What Would the Financial CHOICE Act Mean For Fintech?

  • Grace Noto
  • November 21, 2016
  • 0

The Financial CHOICE Act, proposed by Texas Congressman Jeb Hensarling earlier this year, is a measure aimed at overturning or heavily modifying many of the regulations put in place after the 2008 financial crisis.

The act has recently fallen under scrutiny from Wall Street as the president-elect championed a lessening of financial regulation during his campaign, such as the repeal of the Dodd-Frank law passed in 2010. So let’s ask the question: if the CHOICE act is passed, what will it really change for fintechs and the financial world?

Scott Wortman, Partner at law firm Warshaw Burstein, LLP, told Bank Innovation:

My understanding is that the Financial Choice Act is not expected to be adopted this year, but it could serve as a starting point for the debate over financial reform. In this regard, the President Elect has stated he wants to repeal much of Dodd-Frank, though I don’t believe he has detailed what aspects specifically he wishes to repeal or what aspects of the proposed Financial Choice Act he would adopt as part of his platform.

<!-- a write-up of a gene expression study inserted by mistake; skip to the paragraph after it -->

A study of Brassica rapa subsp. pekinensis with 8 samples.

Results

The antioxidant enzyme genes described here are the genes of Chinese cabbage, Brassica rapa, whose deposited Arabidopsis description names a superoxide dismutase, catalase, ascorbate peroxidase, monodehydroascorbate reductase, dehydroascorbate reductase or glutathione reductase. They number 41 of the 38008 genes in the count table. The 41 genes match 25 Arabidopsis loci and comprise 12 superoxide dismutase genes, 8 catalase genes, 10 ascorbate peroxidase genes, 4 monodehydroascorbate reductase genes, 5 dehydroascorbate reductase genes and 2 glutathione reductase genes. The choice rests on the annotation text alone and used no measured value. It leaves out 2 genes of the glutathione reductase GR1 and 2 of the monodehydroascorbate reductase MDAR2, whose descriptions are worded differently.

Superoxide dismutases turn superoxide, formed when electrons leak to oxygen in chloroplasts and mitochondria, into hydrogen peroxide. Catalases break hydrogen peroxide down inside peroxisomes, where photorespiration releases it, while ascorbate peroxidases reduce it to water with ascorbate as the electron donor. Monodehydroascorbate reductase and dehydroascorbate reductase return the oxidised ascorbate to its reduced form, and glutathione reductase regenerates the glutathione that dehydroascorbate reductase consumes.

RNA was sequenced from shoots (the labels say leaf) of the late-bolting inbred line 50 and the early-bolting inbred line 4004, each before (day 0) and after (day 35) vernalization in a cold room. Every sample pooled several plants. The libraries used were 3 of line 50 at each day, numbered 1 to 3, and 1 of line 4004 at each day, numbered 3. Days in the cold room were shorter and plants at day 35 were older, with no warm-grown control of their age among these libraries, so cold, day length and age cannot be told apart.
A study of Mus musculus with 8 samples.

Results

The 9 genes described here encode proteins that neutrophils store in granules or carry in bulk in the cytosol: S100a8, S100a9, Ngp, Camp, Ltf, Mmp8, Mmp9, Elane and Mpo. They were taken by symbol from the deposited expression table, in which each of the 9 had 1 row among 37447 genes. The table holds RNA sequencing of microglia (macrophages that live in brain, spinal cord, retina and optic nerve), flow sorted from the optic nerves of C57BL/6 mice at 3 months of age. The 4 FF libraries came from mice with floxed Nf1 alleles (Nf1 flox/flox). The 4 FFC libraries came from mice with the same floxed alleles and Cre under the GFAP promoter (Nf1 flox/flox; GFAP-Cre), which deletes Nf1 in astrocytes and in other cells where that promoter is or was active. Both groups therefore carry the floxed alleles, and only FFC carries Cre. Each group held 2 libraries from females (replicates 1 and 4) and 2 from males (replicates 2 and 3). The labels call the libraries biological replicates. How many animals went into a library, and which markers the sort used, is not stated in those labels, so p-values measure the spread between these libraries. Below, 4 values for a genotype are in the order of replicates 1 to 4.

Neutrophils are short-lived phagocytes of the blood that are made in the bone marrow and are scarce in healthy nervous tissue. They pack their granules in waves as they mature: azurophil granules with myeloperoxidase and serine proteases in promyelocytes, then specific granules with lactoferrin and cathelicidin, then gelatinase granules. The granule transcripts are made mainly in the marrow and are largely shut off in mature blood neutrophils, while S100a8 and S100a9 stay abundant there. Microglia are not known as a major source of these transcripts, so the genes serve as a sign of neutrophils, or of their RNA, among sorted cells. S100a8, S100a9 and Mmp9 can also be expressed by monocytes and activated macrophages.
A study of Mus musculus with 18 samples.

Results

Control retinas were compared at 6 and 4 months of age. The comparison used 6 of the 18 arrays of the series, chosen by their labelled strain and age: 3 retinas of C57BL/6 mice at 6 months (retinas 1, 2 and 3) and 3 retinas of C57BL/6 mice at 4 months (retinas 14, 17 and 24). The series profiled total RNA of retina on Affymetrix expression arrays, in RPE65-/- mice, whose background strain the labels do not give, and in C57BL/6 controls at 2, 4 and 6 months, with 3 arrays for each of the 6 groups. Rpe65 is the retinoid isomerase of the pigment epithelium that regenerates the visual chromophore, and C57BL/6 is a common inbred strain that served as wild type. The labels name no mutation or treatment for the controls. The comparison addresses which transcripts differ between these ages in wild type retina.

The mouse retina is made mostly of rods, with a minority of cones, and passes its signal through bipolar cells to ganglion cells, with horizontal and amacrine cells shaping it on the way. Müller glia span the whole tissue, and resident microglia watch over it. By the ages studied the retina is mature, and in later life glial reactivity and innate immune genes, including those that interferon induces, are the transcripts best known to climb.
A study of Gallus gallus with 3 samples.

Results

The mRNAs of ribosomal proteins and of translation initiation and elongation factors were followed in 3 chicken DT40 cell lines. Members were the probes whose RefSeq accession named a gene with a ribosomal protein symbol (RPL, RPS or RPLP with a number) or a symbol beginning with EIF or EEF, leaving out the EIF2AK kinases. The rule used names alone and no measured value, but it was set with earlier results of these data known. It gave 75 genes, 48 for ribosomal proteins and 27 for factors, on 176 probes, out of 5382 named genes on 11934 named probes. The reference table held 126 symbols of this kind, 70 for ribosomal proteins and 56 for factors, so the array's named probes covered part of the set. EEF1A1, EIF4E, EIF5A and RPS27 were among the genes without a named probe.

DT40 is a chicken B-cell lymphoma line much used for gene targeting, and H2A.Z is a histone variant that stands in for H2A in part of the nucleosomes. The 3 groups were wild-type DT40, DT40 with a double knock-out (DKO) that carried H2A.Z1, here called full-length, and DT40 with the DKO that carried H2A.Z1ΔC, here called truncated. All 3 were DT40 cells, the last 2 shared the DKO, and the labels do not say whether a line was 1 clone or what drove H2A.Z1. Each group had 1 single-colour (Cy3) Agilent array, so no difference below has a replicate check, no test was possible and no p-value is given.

If the president-elect chooses to adopt the Financial CHOICE Act as it currently stands into his platform, the act would make significant changes to financial regulation, including providing “a Dodd-Frank off-ramp for certain banking organizations,” according to this breakdown and analysis by law firm Davis Polk.

Most importantly for fintechs such as marketplace lenders, would make significant changes to the powers and structure of the Consumer Financial Protection Bureau.

According to Wortman, the CFPB, “in its current form, can bring down or cripple any American business, simply by issuing a civil investigative demand. No trial is necessary.”

As previously reported, the structure of the CFPB was found unconstitutional by the United States Court of Appeals; the changes outlined in the Financial CHOICE Act would eliminate many of the points of censure brought up in that decision.

Most notably, the Act would replace the bureau’s single director with “a five-member bipartisan commission,” and would allow respondents which receive a civil investigative demand to “petition in federal court for an order modifying or setting aside the demand.”

These are all major changes and would doubtless have a profound effect on the current financial landscape; however, that relies on the Act being passed as is, and according to Davis Polk, Rep. Hensarling “has stated that he will work towards Financial CHOICE Act 2.0 soon.”

Whether Act 2.0 will be more or less strident than the current version is something we will have to wait and see, but it is clear that regulatory changes will be coming to finance within the next couple of years.